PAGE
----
Scott Gerber, principal and CEO of the Gerber Group, has done something many thought was impossible: He got New Yorkers excited about going to the airport.
Gerber helped to turn JFK Airport into a destination for tourists and locals alike, with its three vintage-inspired venues attached to the buzzy new TWA Hotel.
The Gerber Group built the plush red Sunken Lounge within the restored TWA Flight Center as the hotel’s main bar. It looks out onto a second bar, which is nestled inside the cabin of a repurposed plane from the 1950s that’s parked on the tarmac. Finally, the pool bar sits up on the roof, where guests or day-pass holders can soak in the infinity pool and take in sweeping views across the busy runway and down rows of jets resting at the next terminal.
“Not many people would think about having a rooftop pool that overlooks a runway at JFK. That’s really out there,” Gerber comments, noting, too, the scarcity of bars with runway views at airports. However, he claims, these features have proven popular. “There are tons of people who love watching planes take off and land. They don’t mind the noise. They love sitting in the pool. Some of these people are staying in the hotel, but others live in New York and come just to hang out there. That’s been unbelievable.”
While a rooftop bar might be out of the box for some, it’s right in Gerber’s wheelhouse. Gerber’s other bars pack a similar punch, from the glass elevator that carries guests to Whiskey Blue atop the W in Atlanta, to the Lower East Side views that made Mr. Purple a popular destination among Manhattan’s trendy crowds.
That hip allure has been a signature, going back to the Gerber Group’s first venue, The Whiskey, at the Paramount Hotel, in 1991.
“At the time, my brother and I said, ‘Yeah, sounds like it’ll be a fun idea. Let’s open a bar!” Gerber says. “We realized that a bar in a hotel could be a cool bar. Going back in history, bars in hotels were just kind of there; nobody was going to them unless they just really needed a drink and were already staying in the hotel. All of the sudden, we were creating these great places people wanted to go to, these bars in hotels, even if they lived in that city. There were locals going to them, and we just kept building our business around that.”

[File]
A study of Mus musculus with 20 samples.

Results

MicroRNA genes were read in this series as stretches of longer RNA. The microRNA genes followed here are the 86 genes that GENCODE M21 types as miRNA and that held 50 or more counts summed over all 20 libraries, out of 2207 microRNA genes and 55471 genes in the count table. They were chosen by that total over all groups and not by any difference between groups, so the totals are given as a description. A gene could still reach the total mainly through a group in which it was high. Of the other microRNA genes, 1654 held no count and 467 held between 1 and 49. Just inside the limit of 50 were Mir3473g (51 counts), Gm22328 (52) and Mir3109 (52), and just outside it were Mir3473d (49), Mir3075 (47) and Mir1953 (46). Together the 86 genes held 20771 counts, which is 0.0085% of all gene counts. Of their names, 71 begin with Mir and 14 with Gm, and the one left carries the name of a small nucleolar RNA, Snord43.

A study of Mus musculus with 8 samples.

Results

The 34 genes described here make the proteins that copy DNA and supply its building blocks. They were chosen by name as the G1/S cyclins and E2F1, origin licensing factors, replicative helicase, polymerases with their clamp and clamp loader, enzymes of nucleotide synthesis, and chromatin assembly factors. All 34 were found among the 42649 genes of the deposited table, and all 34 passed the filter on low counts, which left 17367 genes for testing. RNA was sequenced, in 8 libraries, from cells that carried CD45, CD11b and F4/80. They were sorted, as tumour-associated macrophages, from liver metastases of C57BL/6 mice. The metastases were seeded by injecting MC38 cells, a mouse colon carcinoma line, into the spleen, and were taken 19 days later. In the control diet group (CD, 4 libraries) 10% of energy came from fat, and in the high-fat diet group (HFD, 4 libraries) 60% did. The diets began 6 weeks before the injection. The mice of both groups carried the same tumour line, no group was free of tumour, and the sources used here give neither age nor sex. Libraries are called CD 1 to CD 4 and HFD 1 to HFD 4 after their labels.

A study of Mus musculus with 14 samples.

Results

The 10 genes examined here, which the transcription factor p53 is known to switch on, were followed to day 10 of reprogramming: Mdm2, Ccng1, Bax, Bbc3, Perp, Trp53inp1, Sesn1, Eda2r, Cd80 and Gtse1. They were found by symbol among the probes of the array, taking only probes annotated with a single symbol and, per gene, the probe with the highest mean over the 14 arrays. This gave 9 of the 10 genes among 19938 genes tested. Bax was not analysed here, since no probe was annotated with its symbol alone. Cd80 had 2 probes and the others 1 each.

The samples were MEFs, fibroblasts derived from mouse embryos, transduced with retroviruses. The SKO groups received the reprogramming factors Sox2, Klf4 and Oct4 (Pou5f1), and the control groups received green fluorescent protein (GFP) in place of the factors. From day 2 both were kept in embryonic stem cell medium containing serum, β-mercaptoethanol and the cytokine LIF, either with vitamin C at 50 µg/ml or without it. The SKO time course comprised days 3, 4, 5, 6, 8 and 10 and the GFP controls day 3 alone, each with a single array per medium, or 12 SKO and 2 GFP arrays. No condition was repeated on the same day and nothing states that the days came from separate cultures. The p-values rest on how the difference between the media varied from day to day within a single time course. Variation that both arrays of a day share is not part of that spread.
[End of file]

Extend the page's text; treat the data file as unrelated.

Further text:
Gerber’s bars clearly stand out, and that’s by design. With so many great boutique hotels out there with excellent amenities and great sheets and showers, it’s getting harder to differentiate between them and attract guests. But hotel bars and restaurants can play a major role in helping a property stand out. F&B can even create significant demand by offering hotel guests perks like VIP access or limited table reservations.
For Gerber, the best part is creating a deep and rich guest experiences that can’t be duplicated. “I love when I walk into one of our places and I see our guests happy to be there and appreciative of what we’ve done,” he says. “In this day and age—with everybody being on their phones and computers and all that kind of stuff—it’s nice to see people talking to each other and paying attention to each other. You’re not going to be able to get these experiences online. You’re not going to have as much fun sitting in your house having a glass of wine and watching television as you are being out and socializing with people.”
Even the prospect of fighting some pretty serious rush-hour traffic on the Belt Parkway to get to New York’s JFK Airport is not stopping people from going out to experience Gerber’s TWA venues firsthand.
“You’re not going to be able to shop for the experience you’re going to have in one of our places or any great restaurant and bar online,” he says. “I think we’re going to be OK. With the retail business so bad, there was a time where most landlords didn’t want food and beverage tenants. Now, we’re the most popular kid on the block. Everybody wants us because you can’t buy us online.”